September 20, 2018
During a 22-week prenatal ultrasound, Julie Peteritas was told that her baby’s heart was pumping too fast—over 200 beats per minute. She began twice weekly ultrasounds to monitor the heartbeat and was referred to a pediatric cardiologist at Children’s Hospital of Philadelphia (CHOP), who confirmed that baby Elliot had a type of arrhythmia called supraventricular tachycardia (SVT).
If left untreated, SVT can cause a developing baby to go into congestive heart failure before birth. In severe cases, the condition can be fatal.
Thanks to a collaborative agreement between Lancaster General Health (LG Health) and Children’s Hospital of Philadelphia, pediatric cardiologists from CHOP provide on-site care at Lancaster General Hospital and in the neonatal intensive care unit (NICU) at Women & Babies Hospital.
For the rest of her pregnancy, Julie took medication to slow Elliot’s heart rate to a safe level, and she remained closely monitored by doctors from both hospitals. Since the SVT posed a significant cardiac risk in her baby, Julie’s doctors recommended a c-section at 37 weeks.
Elliot was immediately placed in the NICU at Women & Babies Hospital, where his care was managed by an experienced team of neonatologists and a cardiologist until he was stable enough to go home.
Alert to Signs of Danger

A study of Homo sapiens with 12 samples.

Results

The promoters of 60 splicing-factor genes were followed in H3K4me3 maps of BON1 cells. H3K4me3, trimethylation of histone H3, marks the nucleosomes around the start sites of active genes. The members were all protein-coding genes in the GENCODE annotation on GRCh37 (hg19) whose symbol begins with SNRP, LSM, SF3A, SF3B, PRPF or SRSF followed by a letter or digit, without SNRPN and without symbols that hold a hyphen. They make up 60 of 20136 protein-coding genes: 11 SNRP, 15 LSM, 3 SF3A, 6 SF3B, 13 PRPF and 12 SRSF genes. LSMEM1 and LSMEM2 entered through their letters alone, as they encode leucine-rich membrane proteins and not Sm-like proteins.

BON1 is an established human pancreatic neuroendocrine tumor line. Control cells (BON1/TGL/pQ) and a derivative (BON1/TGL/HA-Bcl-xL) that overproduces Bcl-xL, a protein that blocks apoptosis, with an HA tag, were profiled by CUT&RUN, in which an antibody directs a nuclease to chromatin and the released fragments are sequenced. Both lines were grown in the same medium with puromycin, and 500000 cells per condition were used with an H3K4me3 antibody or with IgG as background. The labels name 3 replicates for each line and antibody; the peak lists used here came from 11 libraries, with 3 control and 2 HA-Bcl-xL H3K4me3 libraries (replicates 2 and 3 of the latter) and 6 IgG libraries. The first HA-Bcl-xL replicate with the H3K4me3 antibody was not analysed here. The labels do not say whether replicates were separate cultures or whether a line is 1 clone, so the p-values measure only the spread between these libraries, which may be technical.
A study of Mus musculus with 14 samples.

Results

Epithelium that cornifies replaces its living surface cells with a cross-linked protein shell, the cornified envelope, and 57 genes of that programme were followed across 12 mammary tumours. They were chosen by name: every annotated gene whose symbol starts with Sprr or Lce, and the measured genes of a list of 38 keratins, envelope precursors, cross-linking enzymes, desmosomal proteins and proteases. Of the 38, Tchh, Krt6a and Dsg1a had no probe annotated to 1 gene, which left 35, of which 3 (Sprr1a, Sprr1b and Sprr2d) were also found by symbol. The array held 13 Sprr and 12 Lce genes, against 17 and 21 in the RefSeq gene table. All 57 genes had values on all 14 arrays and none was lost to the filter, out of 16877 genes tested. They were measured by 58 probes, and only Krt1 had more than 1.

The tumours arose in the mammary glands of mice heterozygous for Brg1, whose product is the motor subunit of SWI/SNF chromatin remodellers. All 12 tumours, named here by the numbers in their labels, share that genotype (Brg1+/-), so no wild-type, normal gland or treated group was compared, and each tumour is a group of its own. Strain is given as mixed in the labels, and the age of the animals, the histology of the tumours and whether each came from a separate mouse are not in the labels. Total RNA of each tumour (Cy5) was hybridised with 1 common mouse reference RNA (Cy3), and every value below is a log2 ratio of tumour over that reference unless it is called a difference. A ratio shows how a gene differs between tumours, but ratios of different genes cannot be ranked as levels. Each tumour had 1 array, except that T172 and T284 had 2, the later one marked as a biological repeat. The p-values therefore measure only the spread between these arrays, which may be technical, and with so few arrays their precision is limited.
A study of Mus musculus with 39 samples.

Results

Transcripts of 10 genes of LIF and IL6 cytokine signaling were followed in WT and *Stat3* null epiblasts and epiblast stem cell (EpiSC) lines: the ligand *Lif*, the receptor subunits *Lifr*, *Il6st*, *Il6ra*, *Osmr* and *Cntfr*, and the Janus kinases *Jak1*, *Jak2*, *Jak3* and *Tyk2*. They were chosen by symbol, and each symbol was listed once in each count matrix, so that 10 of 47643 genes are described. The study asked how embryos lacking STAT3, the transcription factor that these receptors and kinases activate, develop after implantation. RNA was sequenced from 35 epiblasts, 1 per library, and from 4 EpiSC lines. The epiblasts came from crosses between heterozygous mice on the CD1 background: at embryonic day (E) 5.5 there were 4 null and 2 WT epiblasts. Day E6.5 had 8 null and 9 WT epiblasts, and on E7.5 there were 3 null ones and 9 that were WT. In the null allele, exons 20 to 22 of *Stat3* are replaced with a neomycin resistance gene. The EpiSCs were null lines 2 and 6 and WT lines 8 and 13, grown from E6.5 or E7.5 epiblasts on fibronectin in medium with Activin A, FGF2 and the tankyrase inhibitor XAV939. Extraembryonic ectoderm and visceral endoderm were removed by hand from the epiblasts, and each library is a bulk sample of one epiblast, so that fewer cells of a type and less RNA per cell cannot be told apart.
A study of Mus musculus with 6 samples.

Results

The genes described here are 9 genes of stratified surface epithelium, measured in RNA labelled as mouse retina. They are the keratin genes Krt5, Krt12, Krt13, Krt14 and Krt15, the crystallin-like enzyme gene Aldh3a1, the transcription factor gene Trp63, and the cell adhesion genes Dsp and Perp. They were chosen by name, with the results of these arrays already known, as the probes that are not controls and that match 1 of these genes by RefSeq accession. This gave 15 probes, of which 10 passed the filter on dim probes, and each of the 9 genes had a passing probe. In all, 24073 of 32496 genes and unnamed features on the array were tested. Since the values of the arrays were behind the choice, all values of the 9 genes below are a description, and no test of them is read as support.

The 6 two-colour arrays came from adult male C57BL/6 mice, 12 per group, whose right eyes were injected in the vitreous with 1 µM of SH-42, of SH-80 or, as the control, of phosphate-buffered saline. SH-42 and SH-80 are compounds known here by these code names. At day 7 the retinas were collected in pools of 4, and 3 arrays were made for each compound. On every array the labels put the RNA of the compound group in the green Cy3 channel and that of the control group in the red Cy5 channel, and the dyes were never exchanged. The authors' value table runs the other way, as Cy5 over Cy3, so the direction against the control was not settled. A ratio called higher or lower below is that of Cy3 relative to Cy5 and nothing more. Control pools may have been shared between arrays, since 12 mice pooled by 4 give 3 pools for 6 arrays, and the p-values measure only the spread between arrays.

While Elliot’s heart rate was in the normal range at birth and during the four days he was monitored in the NICU, his doctors wanted him to remain under close watch. Julie is a nurse, so upon Elliot’s release, she was instructed to check his heart rate several times a day with a stethoscope and told what to watch for.
After a week at home, Elliot’s heart rate rose above 200 beats per minute and stayed high for an hour—one of the danger signs Julie and Mark had been watching for. As directed, they brought Elliot to CHOP, where he remained for three weeks.
His diagnosis was revised to persistent junctional reciprocating tachycardia (PJRT), a rare form of SVT. PJRT can be easy to miss until symptoms become more pronounced, including heart failure. With treatment, the heart rate can be stabilized until the child is older. In most cases, the heart rate slows with age and the child grows out of the condition.
Elliot’s heart rate was stabilized using a combination of medications, and he was released to his parents’ care at home. Doctors showed Julie and Mark how to monitor their baby with monthly electrocardiogram (EKG) tests at home, with results sent to CHOP for analysis. They were also told to continue checking Elliot’s heartbeat several times a day with a stethoscope.
When he was six months old, Elliot’s doctors began to wean him off his medication. Today, he is a happy little boy with no limitations, who enjoys helping his parents around the house and reading books.
Elliot continues to see CHOP cardiologists for regular follow up visits at LG Health’s Suburban Pavilion. Over the next few years, his medical team will continue to work with his parents to monitor his heart rate and determine whether additional treatment is needed.
“We thank the Children’s Hospital of Philadelphia and Lancaster General Health, because without them, who knows where Elliot would be at this point,” Julie said.
Click here for more information about LG Health’s partnership with Children’s Hospital of Philadelphia.